WPS setup is easy -- hit button on router, hit button on range extender, done.
Rock solid, didn't have to reboot the unit pretty much ever since installing it.
Cons: Range extenders halve the bandwidth available, and there's no getting around that. Also, in order to be effective you have to put the range extender within range of a strong signal of the original access point, so that cuts down the effective range even further. So don't expect miracles here; it works but there are some serious physics caveats that you simply can't avoid.
Other Thoughts: Would be nice if you could combine the 2.4 and 5.8 GHz backhauls. But that might be asking a bit too much.
Ethernet bridging is very handy, and might be worth it just for that feature alone. i.e. a computer or device that only has ethernet, or doesn't like your wifi key for some reason.
Second outlet is accessible but not overly so when the unit is plugged in. Regular straight out plugs will work, but nothing even remotely oversized like a wall wart.
This review is from: TP-LINK TC-7610-E DOCSIS 3.0 Cable Modem (Easy-open package)
Pros: Super easy to setup -- call cable company, give them your MAC address, done! Speeds are identical to my old cable modem (Zoom). Seems to be fairly stable as well.
Easy open packaging is just that -- brown box, cut one sticker and you're in! EASY!
Cons: Extreme light weight means that any cable tension at all (such as from the wire memory from the ethernet cable) will pull the unit askew.
Unit does not record any transmission or reception errors. My old cable modem (Arris) would record these, and I'm really sure that my cable connection isn't all of a sudden magically perfect since my cableco hasn't done any work. So the only logical conclusion is that the tp-link either isn't detecting or isn't recording any correctable nor uncorrectable errors.
Odd wall mounting would require the unit to be mounted horizontally and extending out from the wall. I guess that would work, but would look very odd and be prone to incidents vs. some sort of flush mounting.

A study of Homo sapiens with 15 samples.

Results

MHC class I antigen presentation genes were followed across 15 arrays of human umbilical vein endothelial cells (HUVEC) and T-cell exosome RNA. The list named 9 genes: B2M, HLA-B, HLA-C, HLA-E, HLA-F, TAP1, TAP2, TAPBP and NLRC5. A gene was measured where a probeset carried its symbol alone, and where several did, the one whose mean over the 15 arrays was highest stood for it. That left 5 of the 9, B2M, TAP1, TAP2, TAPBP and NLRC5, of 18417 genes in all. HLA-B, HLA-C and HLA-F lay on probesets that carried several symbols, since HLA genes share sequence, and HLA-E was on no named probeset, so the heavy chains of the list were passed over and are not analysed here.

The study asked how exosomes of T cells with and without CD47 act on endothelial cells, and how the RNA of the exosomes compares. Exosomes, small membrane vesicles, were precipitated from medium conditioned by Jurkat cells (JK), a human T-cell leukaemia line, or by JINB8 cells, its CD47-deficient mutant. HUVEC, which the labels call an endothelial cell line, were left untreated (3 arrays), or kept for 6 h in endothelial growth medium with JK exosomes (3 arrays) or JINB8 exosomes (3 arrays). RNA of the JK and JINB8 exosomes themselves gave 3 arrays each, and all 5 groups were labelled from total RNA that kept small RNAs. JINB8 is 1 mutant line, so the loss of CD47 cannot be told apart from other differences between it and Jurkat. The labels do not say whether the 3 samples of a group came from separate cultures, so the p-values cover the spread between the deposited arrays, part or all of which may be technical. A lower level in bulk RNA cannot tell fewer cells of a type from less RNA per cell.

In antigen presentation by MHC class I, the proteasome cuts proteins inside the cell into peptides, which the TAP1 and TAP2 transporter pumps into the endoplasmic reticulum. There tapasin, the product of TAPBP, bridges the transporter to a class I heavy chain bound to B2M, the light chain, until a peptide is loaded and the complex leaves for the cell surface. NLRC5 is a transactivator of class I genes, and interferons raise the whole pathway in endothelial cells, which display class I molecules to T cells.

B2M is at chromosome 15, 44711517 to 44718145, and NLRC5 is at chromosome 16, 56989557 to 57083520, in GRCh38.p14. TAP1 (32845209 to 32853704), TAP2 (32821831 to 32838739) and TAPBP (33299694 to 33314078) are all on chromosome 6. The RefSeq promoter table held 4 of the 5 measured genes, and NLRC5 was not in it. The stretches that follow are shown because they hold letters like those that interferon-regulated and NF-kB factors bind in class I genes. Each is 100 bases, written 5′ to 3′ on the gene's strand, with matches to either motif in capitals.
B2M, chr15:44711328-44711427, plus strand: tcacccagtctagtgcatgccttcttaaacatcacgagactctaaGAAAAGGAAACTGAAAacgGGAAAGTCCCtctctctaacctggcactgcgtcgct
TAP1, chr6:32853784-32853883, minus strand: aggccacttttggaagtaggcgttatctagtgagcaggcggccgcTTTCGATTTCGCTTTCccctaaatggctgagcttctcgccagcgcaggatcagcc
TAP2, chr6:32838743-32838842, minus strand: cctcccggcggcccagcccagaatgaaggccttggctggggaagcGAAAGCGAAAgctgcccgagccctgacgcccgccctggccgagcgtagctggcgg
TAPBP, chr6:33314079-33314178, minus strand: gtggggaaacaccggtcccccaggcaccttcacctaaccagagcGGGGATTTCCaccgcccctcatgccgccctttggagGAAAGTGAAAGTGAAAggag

No display for how long your link has been up, so when you do have a problem it's unclear whether the problem was with the cable modem or something else.
Other Thoughts: It's a cable modem, it's pretty much an install-it-and-forget-it type device. This one works well. It's a basic cable modem, but that's sometimes all you need. And it doesn't have any wifi mucking up your connection by offering free bandwidth to the whole world that you get to pay for.READ FULL REVIEW
This review is from: TP-Link TL-PA8010 KIT AV1200 Gigabit Powerline Starter Kit
Pros: I've had ethernet over power devices for my detached garage for a few years now. These units are very reliable; I run three security cameras and a wi-fi access point in a detached building with these. I'm immediately notified if any camera goes offline even for one second, and throughout multiple weeks of testing none of them have ever dropped! Quite reliable!
Easy to set up, didn't even bother installing any software. If you want to joint an existing network, you just hold down the button on an existing member for 1s, then hold down the button on the unit you want to join for 1s. Easy peasy!
Note that by default these devices do encryption, but they use a standard encryption key (all standard ethernet over power units come configured with the same key from all manufacturers). So you'll want to re-pair them to each other so they generate a unique random encryption key.
Cons: Why is the reference design for a ethernet over power device so ungainly HUGE? These are only barely smaller than the devices they were swapped out for, and those had pass-through power ports! There's simply no reason why this device needs to be this size. (Take about eight galaxy phones and stack them on top of each other, and you have a pretty good approximation of this thing's size!)
Programming button is far too easy to press. I had one of these units wedged in horizontally (since it's so big), with a triple power tap immediately above it. No problem with my old units. But the programming button on these is so easy to press that the force of gravity pulling down on the triple tap wound up erasing the network key! A shim of a few business cards solved the issue but... really?
Other Thoughts: Far easier to run some of these units than it is to trench and lay down ethernet or fiber optics to detached buildings!
Speed seems to be all over the place; even though I get three green lights on both sides I never got anywhere close to 1200Mbps, even if I was counting the sending and receiving (i.e. cheating). Most I was able to push through these was about 200Mbps sustained. (or "400Mbps" if you do the count it going in each direction funny math.) Ping times are very low, around 2ms or so.